I normally don’t use this blog for personal rants, especially about things in the sports world. But Hank Barnes opened up this can of worms a few weeks ago and I decided to go with it. I live in Denver, Colorado. I grew up watching minor-league baseball since we had no major-league team. When Major League Baseball awarded the city and expansion franchise in 1991, I (and nearly everyone I knew) was ecstatic. It helped usher in a redevelopment of a blighted downtown area. My Dad flew me home from college for opening day and that remains one of my favorite memories more than 20 years later.
The excitement of the Colorado Rockies has waned in the last few years as despite making the World Series after a magical “Rocktober” run in 2007, the team has only been to the playoffs two other times, most recently 2009. The team still draws well given the weather, mountain views and love of baseball in this town. But after three straight last-place finishes, the retirement of a longtime fan favorite and an offseason highlighted by the signing of a 41 year-old closer (to replace an injured 39-year old closer), the trading of a popular center-fielder to dump salary, and the signing of a former MVP who is a shell of his former self, people are unahppy. To add fuel to the fire, the notoriously tight-fisted ownership opened up their books and seemed to demonstrate their lack of understanding of basic economics.
But we’re in holiday season and that means it’s time to market your product, particularly one that makes a good gift. And market they have. Since the week of Thanksgiving, I have received SEVENTEEN e-mails from the Colorado Rockies or Rockies.com shop. None of those e-mails thanked me for being a customer, especially over the last few painful seasons, or mentioned anything about what the Rockies might do this year to ensure they put a better product on the field. But it’s good to know I can purchase season tickets or save 20% from their online store. But I’m the target customer right? In the last two years, I have:
- Purchased tickets to three games (one in 2013, two in 2012)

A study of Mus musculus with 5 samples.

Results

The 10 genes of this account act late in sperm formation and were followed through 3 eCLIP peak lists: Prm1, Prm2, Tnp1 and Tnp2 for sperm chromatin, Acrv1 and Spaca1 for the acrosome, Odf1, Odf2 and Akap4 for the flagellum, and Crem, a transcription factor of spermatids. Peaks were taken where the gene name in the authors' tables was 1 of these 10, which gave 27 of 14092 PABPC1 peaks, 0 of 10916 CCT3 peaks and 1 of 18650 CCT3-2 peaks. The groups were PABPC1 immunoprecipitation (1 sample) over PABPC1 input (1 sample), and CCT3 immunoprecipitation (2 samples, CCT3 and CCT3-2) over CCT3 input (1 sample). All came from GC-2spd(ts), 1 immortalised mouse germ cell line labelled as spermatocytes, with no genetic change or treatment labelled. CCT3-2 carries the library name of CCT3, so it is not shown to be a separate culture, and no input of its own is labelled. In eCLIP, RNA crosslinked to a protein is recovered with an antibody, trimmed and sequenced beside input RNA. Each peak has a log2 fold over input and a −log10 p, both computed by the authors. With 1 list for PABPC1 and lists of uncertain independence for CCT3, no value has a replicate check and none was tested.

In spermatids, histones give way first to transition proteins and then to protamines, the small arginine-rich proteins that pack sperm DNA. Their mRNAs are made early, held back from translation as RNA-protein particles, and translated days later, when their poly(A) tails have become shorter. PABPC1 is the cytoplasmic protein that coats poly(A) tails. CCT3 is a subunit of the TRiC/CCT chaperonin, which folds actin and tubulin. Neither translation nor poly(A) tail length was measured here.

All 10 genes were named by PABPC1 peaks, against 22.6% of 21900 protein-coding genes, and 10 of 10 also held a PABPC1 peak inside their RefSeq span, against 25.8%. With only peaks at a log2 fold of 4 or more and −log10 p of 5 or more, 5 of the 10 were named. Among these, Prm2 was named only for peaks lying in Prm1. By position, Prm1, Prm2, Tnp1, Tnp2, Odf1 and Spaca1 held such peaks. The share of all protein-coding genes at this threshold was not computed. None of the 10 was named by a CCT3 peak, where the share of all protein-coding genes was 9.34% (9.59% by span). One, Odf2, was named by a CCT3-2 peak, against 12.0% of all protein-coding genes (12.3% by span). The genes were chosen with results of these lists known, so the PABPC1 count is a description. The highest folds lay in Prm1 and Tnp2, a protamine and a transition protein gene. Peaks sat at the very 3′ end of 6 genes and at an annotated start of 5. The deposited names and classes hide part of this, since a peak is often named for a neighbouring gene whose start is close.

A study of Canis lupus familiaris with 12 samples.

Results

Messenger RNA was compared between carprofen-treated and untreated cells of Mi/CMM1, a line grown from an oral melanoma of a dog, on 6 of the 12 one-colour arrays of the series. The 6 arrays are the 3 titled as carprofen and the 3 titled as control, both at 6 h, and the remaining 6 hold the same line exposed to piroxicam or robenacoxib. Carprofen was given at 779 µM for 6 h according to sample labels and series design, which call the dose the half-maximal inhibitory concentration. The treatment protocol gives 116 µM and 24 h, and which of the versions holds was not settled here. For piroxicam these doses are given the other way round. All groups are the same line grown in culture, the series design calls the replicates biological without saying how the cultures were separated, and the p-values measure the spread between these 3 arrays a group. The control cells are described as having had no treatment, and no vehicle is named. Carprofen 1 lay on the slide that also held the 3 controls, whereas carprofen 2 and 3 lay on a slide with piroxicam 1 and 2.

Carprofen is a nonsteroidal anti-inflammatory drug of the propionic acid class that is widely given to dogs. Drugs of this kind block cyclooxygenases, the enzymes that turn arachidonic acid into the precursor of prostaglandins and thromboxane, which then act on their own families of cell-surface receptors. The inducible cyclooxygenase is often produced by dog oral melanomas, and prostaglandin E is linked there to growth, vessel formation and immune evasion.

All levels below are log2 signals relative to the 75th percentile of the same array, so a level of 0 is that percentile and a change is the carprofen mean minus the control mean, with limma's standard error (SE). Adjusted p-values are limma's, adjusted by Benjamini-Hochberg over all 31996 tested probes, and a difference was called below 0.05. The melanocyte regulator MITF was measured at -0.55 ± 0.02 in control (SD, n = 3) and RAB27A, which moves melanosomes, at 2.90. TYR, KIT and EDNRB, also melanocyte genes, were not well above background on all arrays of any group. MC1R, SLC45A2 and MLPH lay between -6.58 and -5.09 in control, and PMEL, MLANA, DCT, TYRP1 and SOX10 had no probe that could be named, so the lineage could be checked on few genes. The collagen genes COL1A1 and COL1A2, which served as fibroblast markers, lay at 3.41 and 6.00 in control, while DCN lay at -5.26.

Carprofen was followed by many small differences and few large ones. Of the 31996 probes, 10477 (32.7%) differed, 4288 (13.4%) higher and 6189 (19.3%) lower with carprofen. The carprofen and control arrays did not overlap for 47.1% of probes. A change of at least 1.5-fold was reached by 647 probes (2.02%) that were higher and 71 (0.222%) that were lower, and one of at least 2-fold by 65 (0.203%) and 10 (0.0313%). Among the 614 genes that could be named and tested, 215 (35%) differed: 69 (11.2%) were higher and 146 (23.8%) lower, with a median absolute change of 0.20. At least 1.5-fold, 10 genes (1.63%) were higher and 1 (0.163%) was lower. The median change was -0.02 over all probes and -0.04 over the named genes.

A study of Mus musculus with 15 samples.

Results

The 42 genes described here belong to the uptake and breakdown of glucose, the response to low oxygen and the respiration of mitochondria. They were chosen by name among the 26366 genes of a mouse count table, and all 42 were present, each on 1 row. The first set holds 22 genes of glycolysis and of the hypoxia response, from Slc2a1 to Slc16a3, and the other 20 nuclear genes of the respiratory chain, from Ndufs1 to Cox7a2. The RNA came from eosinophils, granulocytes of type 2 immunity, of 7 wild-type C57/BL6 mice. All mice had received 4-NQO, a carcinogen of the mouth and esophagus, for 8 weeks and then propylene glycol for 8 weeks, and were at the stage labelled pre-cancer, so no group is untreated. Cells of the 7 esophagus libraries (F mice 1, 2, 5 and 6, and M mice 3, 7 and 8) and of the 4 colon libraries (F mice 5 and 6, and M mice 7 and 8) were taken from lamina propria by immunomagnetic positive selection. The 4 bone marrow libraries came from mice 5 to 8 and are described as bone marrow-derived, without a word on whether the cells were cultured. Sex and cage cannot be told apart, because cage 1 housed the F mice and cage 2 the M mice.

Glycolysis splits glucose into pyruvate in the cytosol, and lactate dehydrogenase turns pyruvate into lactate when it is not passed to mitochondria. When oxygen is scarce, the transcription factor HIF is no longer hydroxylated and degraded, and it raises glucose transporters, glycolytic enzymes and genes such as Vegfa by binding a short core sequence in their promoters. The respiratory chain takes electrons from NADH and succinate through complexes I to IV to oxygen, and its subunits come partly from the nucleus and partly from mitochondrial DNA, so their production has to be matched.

- Purchased nothing from their online shop
- Shared a handful of posts on their Facebook page (all related to Todd Helton’s retirement)
I used to go to more games, but as the product suffered, I spent my money (and time) elsewhere. If they want my business, they need to very clearly explain how they are going to improve the team this season. I don’t need them to go onto local radio and say”that we have to trust the organization!”
Many technology providers, particularly ones that have been around for a long-time, often have very loyal customer bases. But like any other business, they are capable of taking their customers (or channel partners) for granted. Investments in other products, shifts in focus, or a desire to please shareholders often erodes customer loyalty. I can go on Facebook and complain about the Colorado Rockies and your customers can go on Facebook and do the same thing if they are unhappy with your products.
If your Net Promoter Score (NPS) is dropping, retention rates are declining, or you are seeing evidence of discontent, make sure to factor this in to your marketing programs. Individuals and companies will only open their wallets (or checkbooks) if they trust your company, your commitment to them, and your long-term vision. If that trust isn’t there, you need to address that (either directly or through campaigns) before asking them to buy anything else. And when you address it, do it as honestly as possible.
If the Rockies make a commitment to improving their product, I will gladly buy tickets and support the team. And if you demonstrate the same commitment to your customers, they will likely do the same thing.